The May Day procession was quite an occasion. The men who drove the bin wagons would decorate their horses and it was a very colourful event, and very competitive as I think prizes were awarded. We usually stood in Smithdown Road, having walked through the Mystery. In Smithdown Road (almost opposite Ullet Road) there was an open-fronted emporium - a forerunner of M&S I understood - and in the weeks before Christmas it was a very exciting place to spend one's pennies (accrued doing 'messages' for the neighbours).
I was remembering all the shops and premises on the High Street from Southdale Road towards the Clock. There was a large Co-op at the bottom of Eastdale, a tiny sweet shop and premises where we took the batteries for the wireless to be re-charged. Then came Kellitt's jam works - it was lovely when they were boiling strawberry jam. There were several houses with long gardens down to the road, and then Francis & McKay's the cake shop. Beyond Sandown Lane was a butchers, a greengrocers, the pub, a chandlers and then Fuzzy (Frederick) Newcombe, the draper who also did undertaking. The poetess's house came next, and Dr Stack lived in No.19. He was a white-haired bachelor, very kind, and charged 2s 6d per visit including medication. Those who were on 'Lloyd George', which was free, went to Dr Parkinson opposite. There was a dentist next door.
When I was a small child (not too robust) my father would take me and several cousins, who lived at 19 Eastdale, to his allotment which was on ground now occupied by Waldgrave Road and other houses. One day, before we returned down Long Lane, the dog I was holding dragged me across the gritty forefront to the gypsy encampment and the rope works. My father was not very popular when we got back, as I was filthy dirty and bleeding profusely.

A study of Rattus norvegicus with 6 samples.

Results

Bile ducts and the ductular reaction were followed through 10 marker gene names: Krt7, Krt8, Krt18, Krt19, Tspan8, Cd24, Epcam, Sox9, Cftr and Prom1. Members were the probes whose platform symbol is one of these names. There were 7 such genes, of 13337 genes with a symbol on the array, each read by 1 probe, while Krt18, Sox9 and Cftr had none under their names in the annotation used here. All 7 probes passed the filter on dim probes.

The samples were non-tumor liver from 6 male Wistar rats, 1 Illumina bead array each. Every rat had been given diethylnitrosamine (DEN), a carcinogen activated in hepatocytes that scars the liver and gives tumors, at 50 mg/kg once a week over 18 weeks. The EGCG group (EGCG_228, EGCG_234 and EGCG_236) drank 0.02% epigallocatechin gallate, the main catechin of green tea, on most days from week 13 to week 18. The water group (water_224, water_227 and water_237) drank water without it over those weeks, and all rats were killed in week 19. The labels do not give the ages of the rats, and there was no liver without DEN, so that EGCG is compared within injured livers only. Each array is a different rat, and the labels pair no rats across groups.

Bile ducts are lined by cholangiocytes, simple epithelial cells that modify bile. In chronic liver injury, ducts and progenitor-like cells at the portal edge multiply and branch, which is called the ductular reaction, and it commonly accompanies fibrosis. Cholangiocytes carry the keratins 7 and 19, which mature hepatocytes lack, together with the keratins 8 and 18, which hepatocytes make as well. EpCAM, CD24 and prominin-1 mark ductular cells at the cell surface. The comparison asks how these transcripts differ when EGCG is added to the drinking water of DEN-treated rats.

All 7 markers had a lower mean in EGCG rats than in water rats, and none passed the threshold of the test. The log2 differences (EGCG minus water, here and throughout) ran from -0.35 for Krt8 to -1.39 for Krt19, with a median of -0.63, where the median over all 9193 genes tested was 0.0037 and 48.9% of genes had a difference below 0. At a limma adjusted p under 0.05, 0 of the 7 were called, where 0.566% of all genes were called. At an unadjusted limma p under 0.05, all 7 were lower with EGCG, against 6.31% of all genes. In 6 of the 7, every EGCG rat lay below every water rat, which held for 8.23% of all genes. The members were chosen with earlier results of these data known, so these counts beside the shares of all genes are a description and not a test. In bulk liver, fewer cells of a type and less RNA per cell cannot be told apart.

During the 1940s, my father rang the bell at Holy Trinity on Sunday mornings. My three children would take the tram/bus to Penny Lane from Allerton (we then lived near the Police School) and he would meet up with them to visit my mother at Southfield Road. They were often shown all the family graves, which delayed the sweets and biscuit treat they knew lay ahead!
I was visiting my mother on a weekly basis into the 1960s. She didn't go out, so I used to collect her pension at the Post Office and then have a session at the Library to get her supplied for a week. Eventually she went into care, but I continued to visit from Nantwich each Thursday until she died. My father had died while we were still living in Mather Avenue. Yes, I remember Earle Football Club, and the White Star Line recreation ground at the end of Church Road.
There is so much I remember - one becomes nostalgic with old age!